Star Wars: The Old Republic Review

Star Wars: The Old Republic – Is It A Replacement?

Years and years ago I got my first computer at the ripe old age of nine. This ignited a fire in me that still seems to burn to this very day. My first tinkerings with the old Dell XPS (that lacked a dedicated GPU, even) were playing one of the first big MMOs – Star Wars Galaxies. Let it be well known that this game started my passion for technology that I still have today, so I’m pretty biased. I searched for years for a recreation, an alternative, a fix for my addiction after the game sadly shut down in late 2011. Little did I know that there was a backstory to the timeless game’s shut down. Star Wars: The Old Republic was set to release a year and a few days later after the shut down of SWG. I immediately purchased this game and set out to critic it, so here I am almost 3 full years later writing a review.

Let’s Talk Game Mechanics & Graphics

Gameplay mechanics are on par with any MMO I’ve ever played ranging from WoW to SWG. Button spam wins gunfights, certain abilities are overpowered, higher level mobs take far more of one attack than another, Area of Effect (AoE) attacks are devastating. These are mechanics that are shared by every single MMORPG out there and it didn’t impress me. Something that did impress me? The animations. The animations created an atmosphere of realism that made me feel like I was a Jedi Consular fighting the evil armies of the Sith on Tattooine or a Smuggler bringing my load of cargo from one star system to another. I understand that this seems trivial but for a nerd like myself, this made it worthwhile. I currently run an Intel i5 processor and an NVIDIA 970 graphics card, so frames stuck above 60 the entire time, however in a game like this you can play at thirty FPS and still experience it in its full glory.

What About Currencies?

This is a pretty big point for lots of people. There’s only so much I can tell you from my personal perspective, but I’ll give you a break down of how much it costs to be a subscriber, their currency called “Cartel Coins” and the in game Credit system.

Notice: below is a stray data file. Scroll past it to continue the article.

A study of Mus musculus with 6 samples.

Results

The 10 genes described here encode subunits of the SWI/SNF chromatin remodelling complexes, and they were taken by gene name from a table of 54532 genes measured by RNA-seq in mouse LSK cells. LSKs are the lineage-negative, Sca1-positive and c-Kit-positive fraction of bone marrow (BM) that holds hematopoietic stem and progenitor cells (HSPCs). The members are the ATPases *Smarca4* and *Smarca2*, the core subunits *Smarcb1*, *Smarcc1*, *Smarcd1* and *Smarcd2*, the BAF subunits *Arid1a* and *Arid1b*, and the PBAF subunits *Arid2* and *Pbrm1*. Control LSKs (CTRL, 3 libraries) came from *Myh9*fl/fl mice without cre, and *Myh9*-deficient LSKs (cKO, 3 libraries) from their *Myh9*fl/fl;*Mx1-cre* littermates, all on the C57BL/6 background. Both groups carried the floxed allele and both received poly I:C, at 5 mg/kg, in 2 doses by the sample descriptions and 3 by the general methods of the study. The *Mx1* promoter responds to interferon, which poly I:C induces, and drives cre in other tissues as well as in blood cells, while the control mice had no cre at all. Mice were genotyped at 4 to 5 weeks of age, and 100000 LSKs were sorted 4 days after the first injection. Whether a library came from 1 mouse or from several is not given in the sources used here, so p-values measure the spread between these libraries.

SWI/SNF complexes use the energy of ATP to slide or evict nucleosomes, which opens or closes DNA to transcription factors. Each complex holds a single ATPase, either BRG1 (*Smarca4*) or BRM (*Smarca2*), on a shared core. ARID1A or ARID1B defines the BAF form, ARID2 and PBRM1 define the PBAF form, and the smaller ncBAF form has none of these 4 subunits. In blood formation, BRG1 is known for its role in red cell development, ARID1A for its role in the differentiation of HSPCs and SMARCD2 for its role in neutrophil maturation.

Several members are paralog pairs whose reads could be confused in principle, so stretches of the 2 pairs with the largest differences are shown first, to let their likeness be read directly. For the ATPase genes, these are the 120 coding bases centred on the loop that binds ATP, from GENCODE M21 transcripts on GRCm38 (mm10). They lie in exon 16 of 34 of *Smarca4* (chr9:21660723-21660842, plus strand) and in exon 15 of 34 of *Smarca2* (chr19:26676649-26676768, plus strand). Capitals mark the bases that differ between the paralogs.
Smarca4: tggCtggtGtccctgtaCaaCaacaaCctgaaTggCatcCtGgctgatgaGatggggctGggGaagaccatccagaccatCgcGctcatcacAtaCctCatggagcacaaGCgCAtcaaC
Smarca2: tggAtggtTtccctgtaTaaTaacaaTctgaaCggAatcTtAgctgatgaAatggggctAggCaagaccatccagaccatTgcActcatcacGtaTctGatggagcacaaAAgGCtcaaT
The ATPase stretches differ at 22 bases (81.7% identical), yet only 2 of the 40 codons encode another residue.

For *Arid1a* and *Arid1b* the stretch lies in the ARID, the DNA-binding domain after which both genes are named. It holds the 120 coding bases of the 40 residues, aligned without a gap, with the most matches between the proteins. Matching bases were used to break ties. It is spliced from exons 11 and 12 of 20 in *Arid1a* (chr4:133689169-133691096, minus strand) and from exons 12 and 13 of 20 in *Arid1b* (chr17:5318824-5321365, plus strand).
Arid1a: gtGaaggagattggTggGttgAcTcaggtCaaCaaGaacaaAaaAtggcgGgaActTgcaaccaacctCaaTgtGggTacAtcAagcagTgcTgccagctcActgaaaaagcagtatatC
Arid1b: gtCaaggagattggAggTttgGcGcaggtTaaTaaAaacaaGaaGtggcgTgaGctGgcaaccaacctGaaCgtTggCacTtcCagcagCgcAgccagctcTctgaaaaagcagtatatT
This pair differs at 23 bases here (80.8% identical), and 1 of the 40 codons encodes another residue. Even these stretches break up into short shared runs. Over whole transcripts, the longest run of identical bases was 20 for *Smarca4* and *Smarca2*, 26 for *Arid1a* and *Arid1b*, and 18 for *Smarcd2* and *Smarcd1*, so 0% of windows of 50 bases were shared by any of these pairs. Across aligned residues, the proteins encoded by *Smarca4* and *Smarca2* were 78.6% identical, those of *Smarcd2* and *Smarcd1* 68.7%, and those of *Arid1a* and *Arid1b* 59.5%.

Cost to Join

The game has a free to play mode but that’s borderline worthless. SW:TOR follows the typical game time model that most MMOs set. 60 days is $30 (non recurring), 30 days is $15.00/month, 90 days is $13.99/month and finally 180 days is $13.00/month. The subscriber perks are readily available on site and they, honestly, are completely worth it. Their currency is called “Cartel Coins” and can be used to purchase exclusive items that “credits” (in game currency) cannot purchase.

Cartel Coins cost $5.00 for 450, $10.00 for 1050, $20 for 2400, and $40 for 5500. 5500 should be more than enough if you’re a new comer, and your subscription comes with some already. The ones granted by your subscription will get your feet in the water, but I can’t stress this enough: you don’t need to buy anything from the Cartel Market at all. They’re optional. They enhance gameplay only a little bit, and at the end of the day you’re paying a massively rich company more money for a small little hologram at your side.

Conclusion

Basically, this game’s amazing. I enjoy it and I find it fun to play for hours on end. The game’s not a WoW clone or an Everquest clone – you may as well say that about every MMO if you’re going to say SW:TOR is. I completely and thoroughly enjoyed it and felt I got my money out of it. I recommend watching YouTube videos, playing in the free to play mode for a bit, and watching Twitch streams to get the feel for whether or not you truly want this game to be on your 2015 Christmas list.